Grateful Dead: Late 1968 Set (August-December mixtape)

This mix combines some of my personal favorites from the sporadic, unreleased late-1968 tapes into a single, two-hour set. If you don't spend much time with 1968, other than the official releases, this is your short-cut expansion pack. 

Every song documented on the tapes is represented, except for “Lovelight” (ubiquitous, boring) “Midnight Hour” (once, messy) - and "Caution" - which got squeezed out based on my picks for similar/adjacent jam zones. 

I have plucked several exemplary passages of the openest jamming the band was doing at the time, so you can spend more time in the zones that gave birth to the "thematic jams" of the future, which would feature such favorite non-songs as "Tighten Up," "Feelin' Groovy," "Mind Left Body," "Phil Jazz Jam," and new locations for "Spanish Jam."

In 1968, that part of the show happened around combinations of jam-after-"Alligator," into/around/might-turn-into "Caution," and "Feedback." "And We Bid You Goodnight" was a common theme at the time. I am still confused about "Mountain Jam" and "Darkness Jam." Are those inside these 1968 jams somewhere? Maybe?

8/21/68 at the Fillmore West has (arguably) the most amazing, continuous open playing of the year – an incredibly fluid 14 minutes that sounds more advanced and effortless than any other, analogous passage. I listened to all of 1968's such passages in a row, repeatedly, with the intention of making a mega-mix out of them. In the end, it was obvious that I should just pick this one and build a fun, imaginary set around it. (@MrCompletely got here way before me. Thank you for the insight.)

The whole 8/21 tape is a great listen for playing, mix/source quality, and consistency. Release-worthy. My only issue with it is that its mix is so perfectly the late-1960s sound and patient-pacing we're already used to (via official releases), that it doesn't shake up your expectations in a visceral way.

The other great, unreleased show/circulating tape of the year packs that visceral punch – 10/12/68 at the Avalon Ballroom. Fast, fierce, and wiry. For this mixtape, I used 10/12 as the foundation, and built around it to simulate a 1968 experience that I think contrasts with the great (though few) official 1968 releases. 

2-hour mp3 mix zipped up here

Disc One (56 minutes):

  • Dark Star (9/2/68 Sultan, WA)
  • St. Stephen > (10/12/68 Avalon Ballroom)
  • The Eleven > (10/12/68 Avalon Ballroom)
  • Death Don’t Have No Mercy (10/12/68 Avalon Ballroom)
  • It Hurts Me Too (12/21/68 Shrine Auditorium)
  • Alligator Reprise > Garcia & Drummers > Jam > AWBYG Jam > Feedback (8/21/68 Fillmore West)

Disc Two (59 minutes):

  • New Potato Caboose Jam (12/7/68 Louisville, KY)
  • Morning Dew (10/12/68 Avalon Ballroom)
  • Jam > (10/12/68 Avalon Ballroom)
  • Feedback (10/12/68 Avalon Ballroom)
  • The Other One > (12/29/68 Hallandale, FL)
  • Cryptical Envelopment > (12/29/68 Hallandale, FL)
  • And We Bid You Goodnight (12/29/68 Hallandale, FL)
  • Rosemary (12/7/68 Louisville, KY)
  • Clementine Edit (9/12/68 rehearsal/audition with new players)

Song-by-Song Rationale:

Dark Star: I chose the 9/2 performance at Betty Nelson’s Organic Raspberry Farm in Sultan, Oregon. I value this version in part because it buries TC’s repetitive keyboard part and elevates Weir’s guitar. That leads to a less-flattened, more springy and sculpted “Dark Star” experience than I find typical of 1968 tapes. Nearly all the 1968 "Dark Stars" are worth your time for Garcia's leadership, and this is also one of my favorites in that respect. Possibly my earliest desert island "Dark Star."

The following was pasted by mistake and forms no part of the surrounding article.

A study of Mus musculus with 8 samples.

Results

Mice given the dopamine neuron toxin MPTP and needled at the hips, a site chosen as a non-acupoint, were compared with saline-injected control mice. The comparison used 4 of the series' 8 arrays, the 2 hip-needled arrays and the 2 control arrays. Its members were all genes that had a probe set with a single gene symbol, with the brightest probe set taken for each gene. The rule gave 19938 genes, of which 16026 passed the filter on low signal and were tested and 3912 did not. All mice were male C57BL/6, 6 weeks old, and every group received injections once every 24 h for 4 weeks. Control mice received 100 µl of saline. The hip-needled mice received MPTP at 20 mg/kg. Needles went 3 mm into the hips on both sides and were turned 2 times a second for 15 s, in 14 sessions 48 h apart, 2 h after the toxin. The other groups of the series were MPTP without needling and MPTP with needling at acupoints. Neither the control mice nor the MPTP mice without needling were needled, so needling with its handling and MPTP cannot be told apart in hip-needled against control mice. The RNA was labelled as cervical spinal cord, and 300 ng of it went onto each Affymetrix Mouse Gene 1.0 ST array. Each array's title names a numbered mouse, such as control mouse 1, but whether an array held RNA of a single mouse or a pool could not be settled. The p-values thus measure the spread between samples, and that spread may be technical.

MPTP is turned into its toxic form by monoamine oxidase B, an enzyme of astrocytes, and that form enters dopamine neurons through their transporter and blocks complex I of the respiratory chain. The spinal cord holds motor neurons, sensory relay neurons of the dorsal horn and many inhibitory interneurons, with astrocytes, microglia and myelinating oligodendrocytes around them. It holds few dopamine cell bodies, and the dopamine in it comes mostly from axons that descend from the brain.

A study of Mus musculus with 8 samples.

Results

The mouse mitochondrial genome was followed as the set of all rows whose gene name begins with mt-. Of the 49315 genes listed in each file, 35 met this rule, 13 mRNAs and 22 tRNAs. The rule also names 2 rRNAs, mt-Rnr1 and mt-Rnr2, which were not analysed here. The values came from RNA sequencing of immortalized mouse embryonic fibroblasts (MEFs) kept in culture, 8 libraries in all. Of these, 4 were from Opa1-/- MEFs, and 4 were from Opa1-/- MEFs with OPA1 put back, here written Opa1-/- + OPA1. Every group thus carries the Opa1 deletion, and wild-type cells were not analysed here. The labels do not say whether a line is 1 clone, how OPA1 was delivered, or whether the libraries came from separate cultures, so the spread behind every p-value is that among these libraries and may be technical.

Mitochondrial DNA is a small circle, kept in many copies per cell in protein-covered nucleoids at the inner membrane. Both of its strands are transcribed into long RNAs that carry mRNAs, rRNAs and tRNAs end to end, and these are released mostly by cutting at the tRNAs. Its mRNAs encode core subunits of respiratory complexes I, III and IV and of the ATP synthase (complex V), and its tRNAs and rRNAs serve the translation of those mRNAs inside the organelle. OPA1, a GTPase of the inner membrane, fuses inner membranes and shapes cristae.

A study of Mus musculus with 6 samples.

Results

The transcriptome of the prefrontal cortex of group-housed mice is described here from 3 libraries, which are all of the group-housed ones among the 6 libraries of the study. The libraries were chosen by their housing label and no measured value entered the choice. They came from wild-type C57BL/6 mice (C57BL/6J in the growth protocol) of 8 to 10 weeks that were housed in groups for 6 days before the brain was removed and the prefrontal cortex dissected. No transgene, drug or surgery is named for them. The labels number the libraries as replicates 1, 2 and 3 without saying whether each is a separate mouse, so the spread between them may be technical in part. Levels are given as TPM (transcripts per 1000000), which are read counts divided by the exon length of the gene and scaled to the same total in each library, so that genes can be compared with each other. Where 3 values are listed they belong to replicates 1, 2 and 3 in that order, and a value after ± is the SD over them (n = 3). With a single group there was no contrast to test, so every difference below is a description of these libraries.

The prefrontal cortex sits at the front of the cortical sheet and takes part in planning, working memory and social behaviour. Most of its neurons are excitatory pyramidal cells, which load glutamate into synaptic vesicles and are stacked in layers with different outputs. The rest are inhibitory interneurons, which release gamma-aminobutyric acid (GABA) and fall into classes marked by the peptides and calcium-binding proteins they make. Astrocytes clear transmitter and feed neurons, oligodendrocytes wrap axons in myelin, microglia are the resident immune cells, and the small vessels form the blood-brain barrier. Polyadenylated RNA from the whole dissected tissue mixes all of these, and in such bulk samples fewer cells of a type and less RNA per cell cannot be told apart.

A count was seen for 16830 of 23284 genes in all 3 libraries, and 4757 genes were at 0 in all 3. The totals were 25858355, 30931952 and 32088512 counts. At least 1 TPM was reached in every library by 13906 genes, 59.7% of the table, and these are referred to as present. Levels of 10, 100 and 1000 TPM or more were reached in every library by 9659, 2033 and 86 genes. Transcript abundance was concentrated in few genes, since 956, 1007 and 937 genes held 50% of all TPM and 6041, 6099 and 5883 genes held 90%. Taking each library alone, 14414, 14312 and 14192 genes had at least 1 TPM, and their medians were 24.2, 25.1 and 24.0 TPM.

St. Stephen > The Eleven > Death Don't Have No Mercy: Classic 10/12/68 material/sequence. The "St. Stephen" is spry, "The Eleven" punches you in the face, and "Death Don't" traverses the full dynamic range, intensely. 

It Hurts Me Too: Appears on one tape, is good, gives Pigpen an organized outing for this mix.

The 8/21/68 Jam: See above.

New Potato Caboose Jam: There are two, long “New Potato Caboose” jams on the unreleased tapes. One is sonically (and perhaps musically?) unlistenable; the other is quite engaging, and another window into more open '68 Dead jamming. I included that one, minus the song itself, which was already an outdated throwback at this time, and which the band couldn't sing. I probably can't count, but the core of the "New Potato" jam seems to be a "Thirteens Jam." In the case of this version, you get a big dose of that, some odd, slackish fluidity, and some pleasing organized corners turned around the root moves of "New Potato Caboose." 

Morning Dew, Jam > Feedback: 10/12/68 again! The only candidate for "Dew" and a very spry one. The jam segment of the show arrives as if "The Other One" is about to begin, but it flies off sideways into a mutation of the "Caution" jam, but it's not that, either. Good stuff. This is also a very nice "Feedback," more quiet and tone-focused than many of the early ones, which I appreciate. 

The Other One > Cryptical Envelopment > And We Bid You Goodnight: The 12/29/68 Hallandale, FL show's mix presents a tremendously fierce version of both halves of the song. Unless I'm missing something, there's nothing else quite like this on the known '68 tapes.

Rosemary: Is this the only "Rosemary?" Very tentative, and veiled behind the hiss of tapes, but alluring! 

Clementine (edit): Remarkably, the Dead were considering ejecting Weir and Pigpen and hiring new talent in the Fall of 1968. This "Clementine" documents an audition session. They didn't ever play anything like a whole take of "Clementine," but I've faked one.